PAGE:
Rust is a fungal infection that causes pale leaf spots called pustules to develop on the leaves. These are spore-producing structures that can be yellow, orange, black, brown or white, but are most commonly a rust-like colour, from which it gets its name.

Like humans and animals, plants are more prone to diseases when they have a poor diet, and rust disease is essentially a sign of malnutrition. It can be avoided by keeping plants growing vigorously and by the use of drip irrigation as opposed to overhead watering. Letting water sit on the plant’s leaves allows the fungal spores to germinate with greater ease.

Optimal Conditions

Following a wet summer


Coloured spots on the leaves, typically a rust-like colour


Regularly fertilise with seaweed extract that contains plenty of potassium, sulphur, and other trace elements (including copper) that boost the plants’ immune systems. However, don’t overfeed with nitrogen, as the young, soft plant growth is more likely to host the spores.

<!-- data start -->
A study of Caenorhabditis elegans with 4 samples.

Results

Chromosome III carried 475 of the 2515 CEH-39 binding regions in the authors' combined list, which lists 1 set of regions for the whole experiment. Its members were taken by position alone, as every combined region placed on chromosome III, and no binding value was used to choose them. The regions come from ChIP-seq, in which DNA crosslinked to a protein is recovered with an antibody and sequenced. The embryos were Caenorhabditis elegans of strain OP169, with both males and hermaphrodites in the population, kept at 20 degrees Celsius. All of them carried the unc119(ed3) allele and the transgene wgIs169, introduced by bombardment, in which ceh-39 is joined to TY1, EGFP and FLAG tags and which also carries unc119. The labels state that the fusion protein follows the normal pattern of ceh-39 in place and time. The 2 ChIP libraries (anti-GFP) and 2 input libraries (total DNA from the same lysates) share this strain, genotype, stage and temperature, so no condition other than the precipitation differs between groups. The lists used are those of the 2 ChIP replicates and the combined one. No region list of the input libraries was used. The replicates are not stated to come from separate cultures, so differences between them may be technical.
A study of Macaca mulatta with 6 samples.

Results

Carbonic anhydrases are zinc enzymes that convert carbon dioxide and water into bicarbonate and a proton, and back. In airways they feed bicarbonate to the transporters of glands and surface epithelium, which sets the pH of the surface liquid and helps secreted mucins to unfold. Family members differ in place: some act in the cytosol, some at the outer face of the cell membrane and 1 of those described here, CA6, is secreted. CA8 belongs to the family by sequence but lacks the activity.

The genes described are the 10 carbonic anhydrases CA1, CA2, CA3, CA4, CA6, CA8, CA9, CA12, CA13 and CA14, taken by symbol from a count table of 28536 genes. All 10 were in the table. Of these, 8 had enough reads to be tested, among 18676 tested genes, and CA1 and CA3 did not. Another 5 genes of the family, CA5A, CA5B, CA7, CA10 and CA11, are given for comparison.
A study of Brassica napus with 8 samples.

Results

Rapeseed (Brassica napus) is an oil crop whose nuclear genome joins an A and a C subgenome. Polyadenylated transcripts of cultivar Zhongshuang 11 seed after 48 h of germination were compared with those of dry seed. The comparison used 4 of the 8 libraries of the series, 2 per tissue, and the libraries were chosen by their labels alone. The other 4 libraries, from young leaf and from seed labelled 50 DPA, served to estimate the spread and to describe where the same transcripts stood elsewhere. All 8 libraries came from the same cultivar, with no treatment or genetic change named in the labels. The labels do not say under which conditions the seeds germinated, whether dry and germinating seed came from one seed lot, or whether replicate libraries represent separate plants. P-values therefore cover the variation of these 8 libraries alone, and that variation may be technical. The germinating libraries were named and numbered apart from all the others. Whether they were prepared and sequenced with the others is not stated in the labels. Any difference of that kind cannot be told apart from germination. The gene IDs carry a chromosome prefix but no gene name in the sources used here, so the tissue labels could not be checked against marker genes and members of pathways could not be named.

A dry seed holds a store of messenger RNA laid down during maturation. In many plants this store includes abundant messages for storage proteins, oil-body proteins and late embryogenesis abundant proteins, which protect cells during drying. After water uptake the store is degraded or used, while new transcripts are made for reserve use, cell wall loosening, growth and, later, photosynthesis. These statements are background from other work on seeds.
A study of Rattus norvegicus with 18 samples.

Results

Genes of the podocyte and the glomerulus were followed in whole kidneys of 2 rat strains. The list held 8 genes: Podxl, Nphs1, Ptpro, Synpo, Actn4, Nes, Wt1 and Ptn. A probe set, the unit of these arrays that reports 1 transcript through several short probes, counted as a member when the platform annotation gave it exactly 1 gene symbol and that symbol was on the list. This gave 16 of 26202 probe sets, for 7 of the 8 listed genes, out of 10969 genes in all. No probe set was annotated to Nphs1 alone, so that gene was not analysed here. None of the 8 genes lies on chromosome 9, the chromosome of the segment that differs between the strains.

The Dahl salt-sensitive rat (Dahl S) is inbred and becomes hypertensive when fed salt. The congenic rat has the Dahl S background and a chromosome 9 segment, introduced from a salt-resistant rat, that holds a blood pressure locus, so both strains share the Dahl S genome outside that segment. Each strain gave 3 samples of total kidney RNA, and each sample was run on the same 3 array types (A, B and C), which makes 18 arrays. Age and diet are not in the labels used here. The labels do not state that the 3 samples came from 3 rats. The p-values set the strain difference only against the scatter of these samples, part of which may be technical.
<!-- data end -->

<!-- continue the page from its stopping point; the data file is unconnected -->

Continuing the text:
For mild cases of rust, remove damaged parts of the affected plant and burn these, or dispose of them in a sealed plastic bag. Don’t ever compost them, as the spores may not be killed.


You can make an organic fungicide using 100 parts water, 10 parts bicarbonate of soda (baking soda), 1 part oil and 1 part liquid detergent. The bicarbonate is the active ingredient that helps to kill the fungal spores, while the oil and detergent help to fix and spread the mix over the leaf foliage respectively.